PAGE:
Family Volunteering and Cemetery Hunting

I love when STI Drive offers to drop a vehicle off at my house to let me test drive for a week. We had a special, but strange, family adventure planned that weekend, so the offer came at the perfect time.

One of our favorite ways to get outdoors, learn about history, have a family adventure, and give back to the community at the same time is cemetery hunting. We like to visit cemeteries all over Ohio to take headstone photos for other researchers who cannot visit the area. This is very easily done by registering as a photo volunteer through Find a Grave. There can be hundreds of requests at any given time, so we really do feel like we are giving back by using our time to help family tree researchers from all over the world.

Cemetery1

You’d be surprised at how helpful a simple photo of a headstone can be to a researcher. The tidbits that you can potentially find on a headstone are middle names, dates of birth, death dates, spouses full names, military service history, and by searching the surrounding area, you could find relatives. These tiny facts can open up a new world to someone trying to expand their family tree.

I’ll give you a random example:

Martin Hensel Barbara Miller Hensel

These two rather stern looking people are my 3rd great grandparents, Martin and Barbara Hensel. He was a Corporal in the Civil War, fought in 14 battles, and was a prisoner of war in Tennessee for almost 3 months. (By the way, it is such a rare treasure to have photos of them both.)

Here is the story that I learned from researchers who came before me. All that was known of Martin Hensel was that he was born in Ohio and his parents were immigrants. No one could find him in any records prior to a certain date. The cemetery ended up holding the clue. Right next to Grandpa Hensel was a very worn out, fallen down headstone with a last name that looked like Annishensley. More research under this name cracked the case wide open and Martin Hensel was proven to be Martin Anneshansly, son of Jacob and Anna, who immigrated from Switzerland in 1806.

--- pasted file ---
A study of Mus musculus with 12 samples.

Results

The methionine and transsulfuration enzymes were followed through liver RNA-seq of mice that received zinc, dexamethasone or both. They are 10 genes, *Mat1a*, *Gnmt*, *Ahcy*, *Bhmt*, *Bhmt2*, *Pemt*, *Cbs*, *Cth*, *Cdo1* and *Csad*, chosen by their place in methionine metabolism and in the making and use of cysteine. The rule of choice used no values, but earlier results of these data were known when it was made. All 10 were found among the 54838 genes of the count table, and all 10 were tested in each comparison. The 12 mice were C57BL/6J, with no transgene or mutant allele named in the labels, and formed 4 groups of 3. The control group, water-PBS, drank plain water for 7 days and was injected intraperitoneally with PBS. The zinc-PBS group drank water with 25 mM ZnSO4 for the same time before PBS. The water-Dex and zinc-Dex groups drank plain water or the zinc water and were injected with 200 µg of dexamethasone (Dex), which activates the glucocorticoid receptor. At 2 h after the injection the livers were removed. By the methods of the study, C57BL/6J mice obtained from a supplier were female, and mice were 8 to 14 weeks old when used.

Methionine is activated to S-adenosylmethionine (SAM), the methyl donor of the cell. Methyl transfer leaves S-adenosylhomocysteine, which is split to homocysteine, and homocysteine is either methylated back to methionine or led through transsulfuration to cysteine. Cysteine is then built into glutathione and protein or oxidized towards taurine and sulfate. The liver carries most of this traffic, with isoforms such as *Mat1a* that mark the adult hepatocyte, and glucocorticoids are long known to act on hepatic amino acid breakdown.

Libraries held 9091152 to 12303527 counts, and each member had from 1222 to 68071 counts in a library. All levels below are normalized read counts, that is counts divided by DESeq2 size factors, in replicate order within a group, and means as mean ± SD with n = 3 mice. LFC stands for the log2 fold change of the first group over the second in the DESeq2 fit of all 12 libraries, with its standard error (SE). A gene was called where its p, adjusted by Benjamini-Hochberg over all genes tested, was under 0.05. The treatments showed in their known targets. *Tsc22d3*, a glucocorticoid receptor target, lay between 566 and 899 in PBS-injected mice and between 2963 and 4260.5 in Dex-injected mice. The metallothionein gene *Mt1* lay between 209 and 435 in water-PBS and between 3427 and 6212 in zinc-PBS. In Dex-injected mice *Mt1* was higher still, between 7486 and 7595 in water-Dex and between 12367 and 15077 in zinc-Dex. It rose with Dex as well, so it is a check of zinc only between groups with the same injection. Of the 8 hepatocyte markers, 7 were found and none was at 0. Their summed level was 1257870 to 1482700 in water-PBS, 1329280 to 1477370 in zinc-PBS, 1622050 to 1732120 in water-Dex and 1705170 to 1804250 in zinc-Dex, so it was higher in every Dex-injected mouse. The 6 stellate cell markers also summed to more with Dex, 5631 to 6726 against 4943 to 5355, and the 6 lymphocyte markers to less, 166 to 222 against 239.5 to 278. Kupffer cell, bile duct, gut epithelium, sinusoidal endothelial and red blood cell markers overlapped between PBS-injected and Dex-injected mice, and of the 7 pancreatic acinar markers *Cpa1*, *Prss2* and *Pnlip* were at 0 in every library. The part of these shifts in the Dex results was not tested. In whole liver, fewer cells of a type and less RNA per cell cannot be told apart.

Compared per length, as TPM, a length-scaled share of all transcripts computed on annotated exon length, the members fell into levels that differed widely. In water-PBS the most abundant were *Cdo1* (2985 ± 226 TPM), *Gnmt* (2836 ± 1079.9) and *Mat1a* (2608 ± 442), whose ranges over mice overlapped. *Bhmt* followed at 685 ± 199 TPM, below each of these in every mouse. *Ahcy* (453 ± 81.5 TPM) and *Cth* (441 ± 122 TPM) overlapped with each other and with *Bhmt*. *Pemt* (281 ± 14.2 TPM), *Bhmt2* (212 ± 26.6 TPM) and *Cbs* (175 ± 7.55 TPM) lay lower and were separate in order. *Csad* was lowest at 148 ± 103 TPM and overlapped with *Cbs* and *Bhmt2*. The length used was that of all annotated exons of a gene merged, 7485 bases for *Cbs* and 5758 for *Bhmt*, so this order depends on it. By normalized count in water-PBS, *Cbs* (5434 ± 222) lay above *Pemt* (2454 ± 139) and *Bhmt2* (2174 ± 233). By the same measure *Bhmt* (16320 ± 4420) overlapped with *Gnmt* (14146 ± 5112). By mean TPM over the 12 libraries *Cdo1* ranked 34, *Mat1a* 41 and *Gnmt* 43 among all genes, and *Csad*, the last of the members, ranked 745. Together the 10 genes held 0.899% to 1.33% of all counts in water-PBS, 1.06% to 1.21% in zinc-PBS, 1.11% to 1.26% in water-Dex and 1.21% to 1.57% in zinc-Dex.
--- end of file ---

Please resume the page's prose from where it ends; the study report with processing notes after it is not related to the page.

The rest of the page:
Pile of headstones

Photos like this make me very sad. Broken headstones just thrown into a pile in the woods. If only these caretakers knew the valuable information that headstones and their precise locations can hold.

Looking back to snap a quick picture of the car resting comfortably in the shade.

I am almost positively convinced that when it comes time for me to get a new car, it will be that one, the Hyundai Tucson Limited AWD. I did NOT want to give it back. The safety features are insane.

BSD

The BSD system beeps loudly at you if your turn signal is on but there is a car next to you or in your blind spot. There is a back up camera and both front and back sensors.

Trip info

Looking at this drive info photo makes me think of how easy we have it now compared to people like Martin and Barbara Hensel. My round trip distance for the grocery store and a craft store was only 6 miles, in a nice air conditioned vehicle that still has heated seats for when you get cold. (In Ohio, you might need them both on the same day, even in June.)

80s radio

Satellite radio. Jamming to the 80s!

GPS

Built in GPS!

Car 2

Happy.

Headstones

Sad.

Thank you again to STI Drive for their generosity in loaning me a 2016 Hyundai Tucson Limited AWD to spoil myself for a week.

*Disclosure: this post may contain affiliate links.

One Comment

  1. Crystal

    I’m glad that I’m not the only one who loves cemeteries. I am also on Find A Grave and have done a few photos. I haven’t done it in the last couple of years but my kids (they were about 5 and 6), my mom and I would go out to one of them cemeteries around here and just photograph all the headstones and then I would come home and go though and see which ones didn’t have a picture or didn’t have a memorial on there at all. I love the history of it all.